While a plaintiff must show some probability that a treatment not given would have been successful, that probability need not be greater than fifty percent.
Plaintiff’s decedent died from an amniotic fluid embolism following the otherwise normal birth of the decedent’s child. The Plaintiff alleges malpractice on the part of the defendant doctor on the basis of the failure to have an I.V. in place during the use of a spinal-block anesthesia. Experts testified that if the I.V. was in place, there would have been a 37.5 percent probability that the decedent’s life could have been saved. Additionally, the standard of care requires the use of an I.V. in conjunction with the type of anesthetic administered to the decedent and because no such I.V. was in place, the decedent had zero percent chance of survival. The trial court granted summary judgment in favor of defendants.
Did the trial court err in granting summary judgment?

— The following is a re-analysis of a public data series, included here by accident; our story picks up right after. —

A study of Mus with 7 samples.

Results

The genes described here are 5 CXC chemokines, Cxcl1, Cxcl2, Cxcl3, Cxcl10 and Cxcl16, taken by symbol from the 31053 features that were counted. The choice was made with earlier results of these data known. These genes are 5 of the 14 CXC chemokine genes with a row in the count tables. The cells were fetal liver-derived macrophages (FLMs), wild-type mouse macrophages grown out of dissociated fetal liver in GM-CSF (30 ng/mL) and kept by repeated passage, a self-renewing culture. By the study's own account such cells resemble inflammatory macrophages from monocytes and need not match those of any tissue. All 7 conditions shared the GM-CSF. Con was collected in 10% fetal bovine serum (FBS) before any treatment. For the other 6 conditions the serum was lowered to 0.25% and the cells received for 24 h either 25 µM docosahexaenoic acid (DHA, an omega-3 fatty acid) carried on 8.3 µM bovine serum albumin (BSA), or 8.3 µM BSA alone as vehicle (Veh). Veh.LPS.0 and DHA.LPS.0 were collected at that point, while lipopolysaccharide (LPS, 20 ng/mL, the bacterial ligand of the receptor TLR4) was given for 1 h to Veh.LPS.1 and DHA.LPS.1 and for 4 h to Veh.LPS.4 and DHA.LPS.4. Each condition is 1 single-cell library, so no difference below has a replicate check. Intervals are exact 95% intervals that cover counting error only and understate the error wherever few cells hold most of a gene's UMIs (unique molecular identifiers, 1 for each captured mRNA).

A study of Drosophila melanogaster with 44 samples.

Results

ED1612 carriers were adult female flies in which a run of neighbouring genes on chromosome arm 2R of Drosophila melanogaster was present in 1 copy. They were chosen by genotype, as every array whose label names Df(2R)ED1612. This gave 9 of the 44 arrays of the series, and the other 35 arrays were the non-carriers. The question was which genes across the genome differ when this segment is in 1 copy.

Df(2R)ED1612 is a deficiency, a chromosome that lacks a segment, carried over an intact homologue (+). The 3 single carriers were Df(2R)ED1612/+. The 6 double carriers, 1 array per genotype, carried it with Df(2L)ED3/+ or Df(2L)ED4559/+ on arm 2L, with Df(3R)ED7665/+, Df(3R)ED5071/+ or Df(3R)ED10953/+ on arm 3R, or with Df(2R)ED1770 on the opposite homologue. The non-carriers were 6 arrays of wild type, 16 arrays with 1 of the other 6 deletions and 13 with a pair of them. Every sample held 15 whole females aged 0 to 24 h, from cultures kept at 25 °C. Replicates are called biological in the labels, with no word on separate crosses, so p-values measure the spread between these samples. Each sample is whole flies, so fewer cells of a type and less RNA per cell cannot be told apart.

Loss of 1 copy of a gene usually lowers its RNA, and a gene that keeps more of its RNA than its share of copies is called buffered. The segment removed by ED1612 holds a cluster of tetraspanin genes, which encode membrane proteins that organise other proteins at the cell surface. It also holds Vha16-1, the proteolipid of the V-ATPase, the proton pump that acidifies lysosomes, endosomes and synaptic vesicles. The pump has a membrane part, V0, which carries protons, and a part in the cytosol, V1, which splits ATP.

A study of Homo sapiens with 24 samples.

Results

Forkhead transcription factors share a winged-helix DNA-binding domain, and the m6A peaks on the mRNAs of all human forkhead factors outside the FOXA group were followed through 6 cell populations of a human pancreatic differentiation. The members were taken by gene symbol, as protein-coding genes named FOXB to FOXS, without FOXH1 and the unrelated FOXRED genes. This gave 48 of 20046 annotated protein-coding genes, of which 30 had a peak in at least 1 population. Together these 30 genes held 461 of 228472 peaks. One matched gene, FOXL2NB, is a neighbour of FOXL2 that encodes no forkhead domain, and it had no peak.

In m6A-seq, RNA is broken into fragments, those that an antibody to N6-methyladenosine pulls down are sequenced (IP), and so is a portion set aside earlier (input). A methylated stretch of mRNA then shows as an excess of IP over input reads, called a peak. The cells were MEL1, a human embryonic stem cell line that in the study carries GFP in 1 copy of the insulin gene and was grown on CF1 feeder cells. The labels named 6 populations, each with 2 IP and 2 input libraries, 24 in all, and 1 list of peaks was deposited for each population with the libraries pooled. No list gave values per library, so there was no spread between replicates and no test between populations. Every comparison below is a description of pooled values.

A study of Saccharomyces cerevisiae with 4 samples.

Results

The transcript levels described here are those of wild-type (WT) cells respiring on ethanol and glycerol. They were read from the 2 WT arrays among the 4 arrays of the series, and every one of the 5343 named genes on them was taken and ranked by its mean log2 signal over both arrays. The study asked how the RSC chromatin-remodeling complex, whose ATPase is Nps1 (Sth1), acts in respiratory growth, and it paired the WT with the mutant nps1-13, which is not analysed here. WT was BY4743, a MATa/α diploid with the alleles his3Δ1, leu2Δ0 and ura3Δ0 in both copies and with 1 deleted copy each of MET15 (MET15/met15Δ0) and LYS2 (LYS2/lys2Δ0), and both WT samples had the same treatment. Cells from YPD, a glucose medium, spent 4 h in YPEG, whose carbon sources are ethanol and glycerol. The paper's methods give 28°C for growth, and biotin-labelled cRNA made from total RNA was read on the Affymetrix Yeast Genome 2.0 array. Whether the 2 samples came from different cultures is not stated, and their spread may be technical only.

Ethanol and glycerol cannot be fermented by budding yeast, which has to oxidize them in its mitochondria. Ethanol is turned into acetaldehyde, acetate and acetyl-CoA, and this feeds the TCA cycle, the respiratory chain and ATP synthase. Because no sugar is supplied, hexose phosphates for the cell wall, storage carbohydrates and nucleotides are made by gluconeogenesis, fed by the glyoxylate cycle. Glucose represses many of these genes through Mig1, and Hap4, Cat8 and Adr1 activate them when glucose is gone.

The Court reversed and stated the trial court erred in granting summary disposition, and that the issue of proximate cause should have been submitted to the jury. The references to the probability of recovery are there to address the requirement that there must be some reason for the physician to have performed the procedure in the first place. The plaintiff is not entitled to recovery just because the physician failed to perform a procedure that could have had a small chance of improving the patient’s condition, but the jury must determine whether, under the standard of care, the physician should have performed the omitted procedure of treatment. If the omission does not breach the standard of care, the plaintiff cannot recover.